EU lifts sanctions against Libya
The European Union on Monday ended 12 years of sanctions against Libya and eased an arms embargo to reward the North African country for giving up plans to develop weapons of mass destruction.
The decision by the EU foreign ministers brought the 25-nation bloc in line with a U.N. decision last year and reflected a significant warming of relations in recent months.
The U.N. sanctions were imposed in 1992 to force Tripoli to hand over two Libyans indicted for the 1988 bombing of an American airliner over the Scottish town of Lockerbie. A year later, they were expanded to include a freeze on Libyan assets in foreign bank accounts and a ban on buying oil equipment.
The Security Council suspended the sanctions after the two Lockerbie suspects were delivered for trial in 1999, and abolished them last year after Libya agreed to compensate the families of the Lockerbie victims as well as those of the 1989 bombing of a French airliner over Niger.
Key challenger drops election boycott
President Hamid Karzai's main challenger Monday backed off a boycott of Afghanistan's landmark election about allegations of fraud, saying he would accept the formation of an independent commission to look into any irregularities in the vote.
German Chancellor Gerhard Schroeder, the first foreign leader to visit since Saturday's election, all but declared Karzai the winner before a single ballot was counted.
The announcement by ethnic Tajik candidate Yunus Qanooni that he would accept the formation of the election commission followed similar statements Sunday by Massooda Jalal, the only female presidential hopeful, and ethnic Hazara candidate Mohammed Mohaqeq.
Qanooni said he made his decision after a meeting with U.N. representative Jean Arnault and U.S. Ambassador Zalmay Khalilzad.
Yukos ordered to pay part of 2001 tax claim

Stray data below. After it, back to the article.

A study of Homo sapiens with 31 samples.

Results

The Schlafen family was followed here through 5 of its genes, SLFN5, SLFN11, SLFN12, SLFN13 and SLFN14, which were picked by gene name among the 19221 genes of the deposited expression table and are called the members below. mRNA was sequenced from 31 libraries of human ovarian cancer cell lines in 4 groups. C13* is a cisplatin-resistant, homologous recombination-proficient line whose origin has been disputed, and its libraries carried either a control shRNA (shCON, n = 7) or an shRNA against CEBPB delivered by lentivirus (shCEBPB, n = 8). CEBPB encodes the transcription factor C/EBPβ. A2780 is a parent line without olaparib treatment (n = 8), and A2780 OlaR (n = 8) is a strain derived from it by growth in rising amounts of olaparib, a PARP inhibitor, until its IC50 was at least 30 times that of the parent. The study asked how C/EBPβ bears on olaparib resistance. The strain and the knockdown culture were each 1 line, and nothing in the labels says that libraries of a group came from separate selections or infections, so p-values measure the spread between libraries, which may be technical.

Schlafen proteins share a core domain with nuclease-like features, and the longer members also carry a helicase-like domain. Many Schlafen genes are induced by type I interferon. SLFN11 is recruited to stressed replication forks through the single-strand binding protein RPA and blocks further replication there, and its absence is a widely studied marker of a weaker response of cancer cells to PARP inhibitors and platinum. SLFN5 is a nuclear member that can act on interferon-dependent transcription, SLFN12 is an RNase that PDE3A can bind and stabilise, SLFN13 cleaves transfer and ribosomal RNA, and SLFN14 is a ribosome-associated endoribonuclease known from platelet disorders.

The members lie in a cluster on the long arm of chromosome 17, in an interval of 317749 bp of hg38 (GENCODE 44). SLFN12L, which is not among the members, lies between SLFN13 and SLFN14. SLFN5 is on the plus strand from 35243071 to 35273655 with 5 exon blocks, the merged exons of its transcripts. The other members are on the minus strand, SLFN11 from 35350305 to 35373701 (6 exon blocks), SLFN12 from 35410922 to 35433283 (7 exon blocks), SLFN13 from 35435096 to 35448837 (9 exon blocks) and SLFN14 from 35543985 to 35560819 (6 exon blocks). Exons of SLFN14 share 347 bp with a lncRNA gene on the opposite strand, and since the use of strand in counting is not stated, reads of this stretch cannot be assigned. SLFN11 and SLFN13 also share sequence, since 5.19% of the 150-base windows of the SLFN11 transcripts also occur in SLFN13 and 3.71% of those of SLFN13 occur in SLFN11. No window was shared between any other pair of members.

The Moscow Arbitration Court ruled Monday that the embattled oil giant Yukos must pay $1.34 billion in fines and penalties as part of a $4.1 billion back-tax claim for 2001, Russian news agencies said.
The decision was the latest of many to go against Yukos during a more than yearlong legal campaign against the company and its former chief executive, Mikhail Khodorkovsky. His ongoing trial on tax and fraud charges is expected to drag on for months, and analysts expect more claims against the company he built to follow, eventually pushing the final bill to well beyond $10 billion for 2000-2003.
Yukos officials have repeatedly warned that the vast tax bills could drive the company into bankruptcy unless compromises were reached, such as allowing it an extended payment schedule for the arrears.
Strike shuts down commercial activity
As world oil prices hit new highs, Nigeria's biggest labor federation launched a four-day nationwide strike Monday to protest the rising cost of fuel at home, shutting down huge swaths of Lagos, the country's largest city and its commercial center.
There was no immediate impact on the flow of oil from this volatile West African nation, which is Africa's largest oil producer and a major source of U.S. oil imports.
Union militants smashed car windows to keep people home in Lagos, and the streets were nearly empty of traffic except for soldiers and anti-riot police in armored vehicles. Banks and stores remained shuttered.
There was only partial compliance with the strike call in Abuja, the capital, and some other cities, where many shops opened and taxis cruised the streets.